The Government's Role in Civil Rights Enforcement
The government plays a vital part in enforcing civil rights laws. This role is distinct from the role of law enforcement officers or law enforcement agencies. In many instances of civil rights violations and discrimination, complaints can be filed with the government at the federal or state level. A government agency will then take steps to enforce your constitutional rights.
Filing a complaint will usually trigger an investigation into your claims by a government agency. Depending on the specifics of your case, the government may take further action on your behalf. This could include ordering mandatory dispute mediation or charging the offending party in court.
In some cases, a claim must be filed with the government before a private lawsuit can be pursued. Complaints and claims must usually be filed within a certain amount of time after an alleged violation of rights.
This article discusses the role of the government in enforcing state and federal civil rights laws. The article also explains the process for filing complaints.
Federal Agencies That Enforce Civil Rights
Both federal and state agencies hear and investigate civil rights violations. This includes discrimination complaints. In most cases, neither the offender nor the victim needs to be associated with the government.
For example, a person alleging employment discrimination doesn't have to be a government employee. The mere allegation of a civil rights violation triggers the government's interest in investigating and resolving the claims.
Numerous federal government agencies investigate civil rights violations and discrimination claims. These agencies include:
- The U.S. Department of Justice's Civil Rights Division
- The U.S. Department of Education's Office for Civil Rights (OCR)
- The Equal Employment Opportunity Commission (EEOC)
The U.S. Attorney General can also institute a lawsuit in many instances. Sometimes, cases even make it to the Supreme Court.
State Agency Civil Rights Enforcement
State agencies and local governments may also investigate civil rights violations or discrimination complaints. They may work in place of a federal agency or in partnership with one.
For example, employees alleging job discrimination in California can file a complaint with the California Department of Fair Employment and Housing. As part of its standard procedure, that state agency will usually send the complaint to the EEOC at the federal level. That's what's known as a "dual filing."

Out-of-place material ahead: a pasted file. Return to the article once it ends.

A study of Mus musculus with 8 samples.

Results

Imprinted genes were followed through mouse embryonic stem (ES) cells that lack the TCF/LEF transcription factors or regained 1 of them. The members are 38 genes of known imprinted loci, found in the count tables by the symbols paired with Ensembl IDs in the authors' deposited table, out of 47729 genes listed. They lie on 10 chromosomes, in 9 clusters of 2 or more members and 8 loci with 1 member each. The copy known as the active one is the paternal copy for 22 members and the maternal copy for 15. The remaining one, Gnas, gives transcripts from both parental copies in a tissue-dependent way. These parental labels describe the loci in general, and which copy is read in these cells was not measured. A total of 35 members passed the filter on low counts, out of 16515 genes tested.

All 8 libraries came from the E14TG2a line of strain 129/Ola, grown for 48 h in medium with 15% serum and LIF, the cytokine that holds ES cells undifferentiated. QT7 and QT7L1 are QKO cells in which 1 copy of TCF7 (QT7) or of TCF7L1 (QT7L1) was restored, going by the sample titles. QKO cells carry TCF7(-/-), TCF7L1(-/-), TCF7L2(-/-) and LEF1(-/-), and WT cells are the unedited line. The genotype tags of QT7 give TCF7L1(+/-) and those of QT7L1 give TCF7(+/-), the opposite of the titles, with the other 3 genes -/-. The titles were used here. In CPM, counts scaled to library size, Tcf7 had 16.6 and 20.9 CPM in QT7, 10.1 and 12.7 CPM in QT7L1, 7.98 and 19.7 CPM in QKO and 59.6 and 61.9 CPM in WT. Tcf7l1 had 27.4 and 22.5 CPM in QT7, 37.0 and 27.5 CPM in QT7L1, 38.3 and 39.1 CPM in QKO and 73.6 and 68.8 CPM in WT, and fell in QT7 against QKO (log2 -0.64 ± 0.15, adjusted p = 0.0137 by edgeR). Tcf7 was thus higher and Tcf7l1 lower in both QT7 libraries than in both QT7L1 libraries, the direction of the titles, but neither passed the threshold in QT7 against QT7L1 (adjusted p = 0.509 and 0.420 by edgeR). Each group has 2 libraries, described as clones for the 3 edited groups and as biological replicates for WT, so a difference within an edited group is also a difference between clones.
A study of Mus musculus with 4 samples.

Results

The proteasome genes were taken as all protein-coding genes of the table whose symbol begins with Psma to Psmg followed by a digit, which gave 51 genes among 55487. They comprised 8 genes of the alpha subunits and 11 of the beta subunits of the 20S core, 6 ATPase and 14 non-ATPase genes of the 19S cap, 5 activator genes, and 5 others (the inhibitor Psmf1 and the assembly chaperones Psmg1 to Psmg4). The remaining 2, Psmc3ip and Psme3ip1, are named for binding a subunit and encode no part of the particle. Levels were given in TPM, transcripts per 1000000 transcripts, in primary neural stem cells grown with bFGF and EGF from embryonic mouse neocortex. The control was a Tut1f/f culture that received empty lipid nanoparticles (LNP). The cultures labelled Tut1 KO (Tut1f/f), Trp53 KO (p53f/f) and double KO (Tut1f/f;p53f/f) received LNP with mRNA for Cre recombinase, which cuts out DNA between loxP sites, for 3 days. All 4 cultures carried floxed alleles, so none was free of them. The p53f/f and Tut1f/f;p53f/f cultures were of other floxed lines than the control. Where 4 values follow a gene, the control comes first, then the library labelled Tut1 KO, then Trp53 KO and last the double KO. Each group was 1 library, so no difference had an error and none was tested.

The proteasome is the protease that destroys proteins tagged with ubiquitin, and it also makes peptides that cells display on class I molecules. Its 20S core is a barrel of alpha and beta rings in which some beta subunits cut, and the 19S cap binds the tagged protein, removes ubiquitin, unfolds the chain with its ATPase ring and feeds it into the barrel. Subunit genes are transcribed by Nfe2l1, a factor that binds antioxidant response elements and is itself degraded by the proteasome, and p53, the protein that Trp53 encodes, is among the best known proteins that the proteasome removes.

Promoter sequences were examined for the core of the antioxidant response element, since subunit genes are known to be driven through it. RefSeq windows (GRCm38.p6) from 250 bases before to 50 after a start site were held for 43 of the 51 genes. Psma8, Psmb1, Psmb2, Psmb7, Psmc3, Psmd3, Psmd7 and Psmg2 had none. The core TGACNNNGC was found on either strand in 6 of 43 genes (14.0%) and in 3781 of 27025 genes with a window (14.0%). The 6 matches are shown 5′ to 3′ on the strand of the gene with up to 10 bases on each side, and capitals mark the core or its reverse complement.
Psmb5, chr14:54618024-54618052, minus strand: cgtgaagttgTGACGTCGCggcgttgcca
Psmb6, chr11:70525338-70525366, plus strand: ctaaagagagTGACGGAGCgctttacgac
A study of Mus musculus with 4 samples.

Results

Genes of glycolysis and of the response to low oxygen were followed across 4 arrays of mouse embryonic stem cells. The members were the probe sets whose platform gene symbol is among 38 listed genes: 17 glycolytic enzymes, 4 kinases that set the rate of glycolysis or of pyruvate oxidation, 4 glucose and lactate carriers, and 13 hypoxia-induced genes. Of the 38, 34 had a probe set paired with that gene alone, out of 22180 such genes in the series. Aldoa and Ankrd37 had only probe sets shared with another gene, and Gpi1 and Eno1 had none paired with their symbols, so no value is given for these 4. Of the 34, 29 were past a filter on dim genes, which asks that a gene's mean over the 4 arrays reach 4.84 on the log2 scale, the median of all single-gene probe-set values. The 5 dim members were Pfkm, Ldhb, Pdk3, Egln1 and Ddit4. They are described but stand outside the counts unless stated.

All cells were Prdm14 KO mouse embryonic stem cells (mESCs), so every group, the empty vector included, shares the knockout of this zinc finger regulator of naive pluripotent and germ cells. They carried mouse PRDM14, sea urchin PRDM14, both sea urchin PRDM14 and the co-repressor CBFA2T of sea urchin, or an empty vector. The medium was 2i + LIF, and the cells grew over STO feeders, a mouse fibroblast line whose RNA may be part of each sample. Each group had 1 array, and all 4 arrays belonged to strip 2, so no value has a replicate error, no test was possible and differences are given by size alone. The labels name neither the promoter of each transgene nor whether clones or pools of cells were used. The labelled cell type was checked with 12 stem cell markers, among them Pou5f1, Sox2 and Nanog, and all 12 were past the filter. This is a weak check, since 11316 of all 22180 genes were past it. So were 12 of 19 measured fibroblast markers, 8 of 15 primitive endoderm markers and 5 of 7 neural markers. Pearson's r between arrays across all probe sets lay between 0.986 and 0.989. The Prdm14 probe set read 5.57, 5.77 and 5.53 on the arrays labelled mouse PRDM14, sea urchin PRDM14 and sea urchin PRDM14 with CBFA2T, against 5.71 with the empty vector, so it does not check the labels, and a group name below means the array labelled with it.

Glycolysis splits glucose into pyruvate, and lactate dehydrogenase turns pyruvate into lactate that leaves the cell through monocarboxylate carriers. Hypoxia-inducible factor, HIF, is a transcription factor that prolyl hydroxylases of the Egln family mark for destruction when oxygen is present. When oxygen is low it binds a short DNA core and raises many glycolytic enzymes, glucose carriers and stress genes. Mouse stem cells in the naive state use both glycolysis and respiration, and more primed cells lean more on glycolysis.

Whether your complaint is handled at the federal or state level depends on your case's facts and the claims involved. What matters most is that your complaint gets filed. Agencies can engage in outreach efforts to decide where and how your case will be handled after that.
For example, a complaint for education discrimination filed with the U.S. Department of Justice may be referred to the U.S. Department of Education or other agencies. Your state's attorney general or assistant attorney general may also get involved in enforcement activities.
Filing a Government Complaint Is Mandatory in Some Cases
For certain types of discrimination and civil rights violation allegations, you must file a complaint with the relevant government agency before you file any private lawsuit in court. There are strict time limits for filing a complaint. Otherwise, the law prohibits your case.
For example, for most employment discrimination claims, the employee alleging discrimination must file a complaint with the Equal Employment Opportunity Commission before filing any private lawsuit. The employee must file their complaint within 180 days of the alleged offense.
Protect Your Civil Rights With Legal Help
Do you believe you've suffered a civil rights violation? Have you been discriminated against on the basis of race, national origin, gender identity, sexual orientation, or another protected characteristic? Are you contemplating filing a claim with the government or local law enforcement?
Nondiscrimination laws and federal civil rights statutes exist to protect you in employment, housing, voting, education, health care, and public accommodations.
Take some initiative. You don't need to tolerate discriminatory practices. Speaking with an experienced civil rights attorney is the best place to start. A civil rights attorney will be familiar with state and federal laws applicable to your claim. They also can offer technical assistance.
You Don’t Have To Solve This on Your Own – Get a Lawyer’s Help
Meeting with a lawyer can help you understand your options and how to best protect your rights. Visit our attorney directory to find a lawyer near you who can help.
Contact a qualified civil rights attorney to help you protect your rights.